Do youth understand the impact of Stonewall?

by Elias Briggs
Journalism Intern

Everything changed in the LGBT+ movement on June 28, 1969, at 1:20 a.m. in New York City when police barged into the Stonewall Inn and began harassing and handcuffing everyone inside.

The event sparked the Stonewall Riots. It started with police harassment, but brave and angry activists wouldn’t take it anymore. Instead, they changed the course of history.

The actions of these activists resulted in an up-and-coming liberation for LGBT+ people all over the United States.

“I’m in awe these activists did what they did,” said Parker Speckman, a 16-year-old passionate about the subject. “It’s important for LGBT+ youth to know their history, and to know who made it possible for them to be out and proud.”

The riots continued until July 1, serving as a catalyst for the gay rights movement, not only in the United States but around the world.

Today’s youth desire to study our history to create a more successful and inclusive future. Youth take time after school to do independent research, from reading articles to watching speeches from those involved in the riots, because they believe that school doesn’t teach them enough.

Autumn Scott, an eighteen-year-old student activist said, “Marsha P. Johnson and Sylvia Rivera need to be recognized as giving all of us queer kids our power. Sylvia Rivera was the one who added ‘T’ to ‘LGBT,’ so this was also the start of the trans rights movement.”

When teens are looking at the events of the Stonewall Riots, they are using what they learn to facilitate discussions about erasure, education and activism.

This knowledge is used to avoid rhetoric, racism and other forms of trans and POC erasure, like TERF (Trans Exclusionary Radical Feminism).

More importantly, they look up to activists like Marsha P. Johnson and Sylvia Rivera to lead by example so they may become great activists for issues of today.

“It is very important to know that a transgender woman threw the first brick,” Speckman added. “I was twelve, and discovering I was transgender like Marsha P. Johnson.”

Speckman is far from the only person to feel this way. Atlas O’Neal, another 16-year-old teen, remarked “I think it [Stonewall history] would really be beneficial to queer youth. Many people don’t know about the Stonewall Riots or only know very little, like myself, and it’s something that everyone in our community should [know] and deserves to know.”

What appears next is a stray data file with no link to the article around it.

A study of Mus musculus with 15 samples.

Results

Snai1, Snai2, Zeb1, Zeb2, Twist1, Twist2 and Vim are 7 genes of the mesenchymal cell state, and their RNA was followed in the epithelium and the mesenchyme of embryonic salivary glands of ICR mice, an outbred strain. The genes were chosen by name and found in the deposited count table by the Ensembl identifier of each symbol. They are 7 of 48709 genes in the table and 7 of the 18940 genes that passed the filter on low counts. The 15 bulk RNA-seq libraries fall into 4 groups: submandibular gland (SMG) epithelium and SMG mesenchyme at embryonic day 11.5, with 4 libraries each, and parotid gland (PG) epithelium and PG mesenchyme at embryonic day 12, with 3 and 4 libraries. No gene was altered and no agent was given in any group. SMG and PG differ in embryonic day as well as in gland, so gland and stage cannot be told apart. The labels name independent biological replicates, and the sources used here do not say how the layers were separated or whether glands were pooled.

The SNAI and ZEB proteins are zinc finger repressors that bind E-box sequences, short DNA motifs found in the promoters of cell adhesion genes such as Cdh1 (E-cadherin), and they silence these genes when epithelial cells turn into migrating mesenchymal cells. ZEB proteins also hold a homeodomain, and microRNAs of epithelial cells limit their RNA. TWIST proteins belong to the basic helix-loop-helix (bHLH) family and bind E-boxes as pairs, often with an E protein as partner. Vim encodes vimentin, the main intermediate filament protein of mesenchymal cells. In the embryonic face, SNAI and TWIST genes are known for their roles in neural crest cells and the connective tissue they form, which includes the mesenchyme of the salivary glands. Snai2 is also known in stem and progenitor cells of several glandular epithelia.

Most of all, if these youth find anything important, it is education. We saw this recently with the student support of the Teacher Walkout which happened in several states.

But what about these historical events they don’t learn about in school? Even with the recent ruling in Illinois to add LGBT+ history to the curriculum, for today’s youth that’s simply not enough.

“I learned about the Stonewall Riots from Tumblr,” Speckman explained. “School Boards should be more understanding of their students, and offer LGBT+ history classes, or put it in the history lesson plan.”

O’Neil added, “I learned about the riots in a music appreciation class. But it needs to be taught in history classes everywhere.”

Scott thinks schools need to add Stonewall history to their curriculum. “People can always twist things as they do, but facts are facts.”

These youth are using their knowledge and passion about Stonewall, an event which happened nearly a half-century ago, to create a better future.

After the deaths of Stonewall activists, student activists of today are determined to carry their legacy through destroying erasure and educating future generations.

 “We want to credit lawmakers for giving us rights,” Scott remarked. “What they [our LGBT+ ancestors] gave us can’t be taken away by votes. You can kill a revolutionary but not the revolution.”

The Gayly – June 28, 2018 @ 3 p.m. CDT.